The parish bus system took another pivotal step Tuesday toward providing the expanded service promised to taxpayers in 2012 with the approval of new routes aimed at providing faster service to riders.
The Capital Area Transit System’s board of directors unanimously approved the new route maps and schedules that will go to the Metro Council for final approval on Oct. 23. The route changes are expected to be in place by March.
While the schedule includes several new routes, it eliminates service to Zachary.
The proposed changes will increase service from 20 to 30 routes and provide access to underserved areas such as O’Neal Lane and Coursey Boulevard, Metro Airport and the Louisiana School for the Visually Impaired.
It also will take less time for people get from one place to another on a CATS bus.
For example, it takes 2 hours and 40 minutes and three buses to get from the former Earl K. Long Hospital in north Baton Rouge to Our Lady of the Lake Regional Medical Center.
Under the proposed route changes, it will take one bus and 45 minutes.
CATS interim CEO Bob Mirabito said riders using the new system will be better informed, because CATS will have improved signage, a working GPS system for smartphones and pocket-sized handouts with the route map and schedule.
Metro Councilman Trae Welch, whose council district includes Zachary, said in a telephone interview after the meeting he is concerned about the elimination of bus service to and from that city in the northern part of the parish.
The decision to leave Zachary out was prompted by the results of 2012 CATS tax election, which was voted on by residents of Baker, Baton Rouge and Zachary.
Only Zachary voted against the tax.
CATS officials also have said an average of only 13 people ride the bus to or from Zachary each day.
Eliminating Zachary service only stands to punish Baker residents who want to travel to Zachary, Welch said.
He called it a “petty decision” to punish voters and said CATS has opted to serve other areas outside the taxing areas, such as the Mall of Louisiana and Town Center, based on the idea that it serves the riders.
“They’re talking out of both sides of their mouth,” Welch said.
“On one side they’re saying they’re trying to enhance service, but on the other side of their mouth they’re saying — just not for those people who voted it down.”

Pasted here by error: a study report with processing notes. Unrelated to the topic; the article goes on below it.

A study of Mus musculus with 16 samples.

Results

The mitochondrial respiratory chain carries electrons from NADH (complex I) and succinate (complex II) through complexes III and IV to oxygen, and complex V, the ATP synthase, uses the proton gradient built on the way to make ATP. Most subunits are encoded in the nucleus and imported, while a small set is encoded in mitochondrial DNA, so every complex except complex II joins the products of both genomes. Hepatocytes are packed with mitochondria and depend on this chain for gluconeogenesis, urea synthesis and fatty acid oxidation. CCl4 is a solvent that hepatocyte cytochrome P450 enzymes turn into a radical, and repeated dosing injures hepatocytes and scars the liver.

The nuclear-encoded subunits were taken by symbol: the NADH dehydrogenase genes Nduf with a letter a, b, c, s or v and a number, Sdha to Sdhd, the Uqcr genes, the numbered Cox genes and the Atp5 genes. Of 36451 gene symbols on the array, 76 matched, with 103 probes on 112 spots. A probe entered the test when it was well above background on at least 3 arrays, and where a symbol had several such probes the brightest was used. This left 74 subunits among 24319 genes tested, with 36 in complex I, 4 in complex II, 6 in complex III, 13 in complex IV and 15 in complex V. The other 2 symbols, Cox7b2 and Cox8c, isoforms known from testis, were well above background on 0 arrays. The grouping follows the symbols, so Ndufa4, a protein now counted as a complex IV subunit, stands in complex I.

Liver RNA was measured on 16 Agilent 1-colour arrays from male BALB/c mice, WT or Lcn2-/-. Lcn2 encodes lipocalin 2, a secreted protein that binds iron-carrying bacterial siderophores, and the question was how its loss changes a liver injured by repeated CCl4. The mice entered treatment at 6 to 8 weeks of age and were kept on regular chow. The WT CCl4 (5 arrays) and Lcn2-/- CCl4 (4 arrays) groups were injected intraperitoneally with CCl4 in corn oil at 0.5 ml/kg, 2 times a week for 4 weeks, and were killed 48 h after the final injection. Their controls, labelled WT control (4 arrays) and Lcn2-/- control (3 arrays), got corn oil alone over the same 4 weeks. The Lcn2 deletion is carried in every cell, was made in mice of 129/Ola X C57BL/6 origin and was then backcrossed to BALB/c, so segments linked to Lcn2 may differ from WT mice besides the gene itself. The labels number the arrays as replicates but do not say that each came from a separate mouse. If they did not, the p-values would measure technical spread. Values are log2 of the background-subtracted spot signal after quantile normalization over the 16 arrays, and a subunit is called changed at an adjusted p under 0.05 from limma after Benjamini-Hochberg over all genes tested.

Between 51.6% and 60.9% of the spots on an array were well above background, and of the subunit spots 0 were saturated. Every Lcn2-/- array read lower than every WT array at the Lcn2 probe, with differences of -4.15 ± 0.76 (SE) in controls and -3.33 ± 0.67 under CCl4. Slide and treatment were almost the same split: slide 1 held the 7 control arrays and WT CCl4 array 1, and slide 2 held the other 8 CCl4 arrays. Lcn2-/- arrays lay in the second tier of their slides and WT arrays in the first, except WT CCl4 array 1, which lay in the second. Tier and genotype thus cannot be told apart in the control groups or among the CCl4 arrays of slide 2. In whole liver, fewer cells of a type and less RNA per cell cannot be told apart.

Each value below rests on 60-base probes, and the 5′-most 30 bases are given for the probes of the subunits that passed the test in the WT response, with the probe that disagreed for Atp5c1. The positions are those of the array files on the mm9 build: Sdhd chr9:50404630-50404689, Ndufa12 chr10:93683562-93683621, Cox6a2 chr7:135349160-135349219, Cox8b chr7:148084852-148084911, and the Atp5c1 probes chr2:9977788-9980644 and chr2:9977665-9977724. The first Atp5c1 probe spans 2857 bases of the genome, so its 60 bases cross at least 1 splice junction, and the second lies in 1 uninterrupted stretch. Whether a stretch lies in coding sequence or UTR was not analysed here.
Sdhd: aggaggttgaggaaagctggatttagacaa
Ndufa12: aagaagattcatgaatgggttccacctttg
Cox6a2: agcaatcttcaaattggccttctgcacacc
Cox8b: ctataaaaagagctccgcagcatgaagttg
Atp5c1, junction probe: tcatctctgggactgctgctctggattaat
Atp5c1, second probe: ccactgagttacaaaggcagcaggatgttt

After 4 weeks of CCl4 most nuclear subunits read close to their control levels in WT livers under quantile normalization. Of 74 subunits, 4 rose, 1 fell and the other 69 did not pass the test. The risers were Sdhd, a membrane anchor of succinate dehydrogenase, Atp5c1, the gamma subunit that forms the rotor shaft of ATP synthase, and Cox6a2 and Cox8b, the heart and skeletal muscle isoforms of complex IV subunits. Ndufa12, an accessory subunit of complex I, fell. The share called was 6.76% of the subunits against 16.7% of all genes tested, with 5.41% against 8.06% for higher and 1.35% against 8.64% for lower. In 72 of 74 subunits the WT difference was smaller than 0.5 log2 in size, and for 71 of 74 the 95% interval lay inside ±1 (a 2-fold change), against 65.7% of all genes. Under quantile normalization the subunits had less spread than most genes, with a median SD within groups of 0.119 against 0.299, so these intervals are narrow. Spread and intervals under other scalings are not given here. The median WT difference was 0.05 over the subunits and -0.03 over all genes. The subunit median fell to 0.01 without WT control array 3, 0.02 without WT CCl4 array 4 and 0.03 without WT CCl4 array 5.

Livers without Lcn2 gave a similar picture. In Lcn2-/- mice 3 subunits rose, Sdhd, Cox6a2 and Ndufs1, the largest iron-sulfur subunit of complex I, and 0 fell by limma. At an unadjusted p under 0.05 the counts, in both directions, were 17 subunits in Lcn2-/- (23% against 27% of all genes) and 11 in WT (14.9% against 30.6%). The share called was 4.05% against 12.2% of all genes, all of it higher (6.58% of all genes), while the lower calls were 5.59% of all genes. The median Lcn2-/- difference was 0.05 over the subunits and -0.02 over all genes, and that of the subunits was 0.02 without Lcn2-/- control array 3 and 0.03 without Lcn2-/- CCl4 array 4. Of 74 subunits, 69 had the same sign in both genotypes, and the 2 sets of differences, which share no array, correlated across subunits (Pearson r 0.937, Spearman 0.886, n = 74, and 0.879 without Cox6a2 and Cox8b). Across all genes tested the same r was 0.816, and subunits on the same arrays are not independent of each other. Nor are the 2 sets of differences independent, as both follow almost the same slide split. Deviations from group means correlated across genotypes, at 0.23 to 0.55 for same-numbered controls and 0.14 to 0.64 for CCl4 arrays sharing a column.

Mirabito said CATS could potentially extend service back to Zachary in the future with the city’s cooperation. He said there are federal grant opportunities available that would fund specific routes, requiring a 50 percent local match.
Jim Mitchell, a CATS rider and former board member, said the changes to CATS routes will be a “vast improvement to what’s currently out there.”
“They’re working hard to get it right,” he said.
But Mitchell lamented that he has not seen a final draft of what CATS plans to propose to the Metro Council. He said he thinks officials should be doing more to get the information to the public.
The CATS board also gave the board chairman authority to negotiate a contract extension with Mirabito, who was hired on an interim basis in June.
His contract expires at the end of this year.
“We want to reward him for his very hard work, his very competent work during these difficult circumstances,” Board President Marston Fowler said.
Although terms of the extension haven’t been outlined yet, Fowler said, it’s intended to give Mirabito some security and to provide the agency some continuity during its transition over the next year.
Initially, the CATS board said it would hold a national search to find a leader for the agency.
Fowler said Tuesday that it’s unclear at this point whether a national search will be necessary.
He said the decision could depend on CATS’ new board members.
Ben Miller, a co-founder of Kean Miller law firm, was appointed last week, and there are three vacancies yet to be filled by the Metro Council.
“I just want the opportunity to finish what I’ve started,” Mirabito said.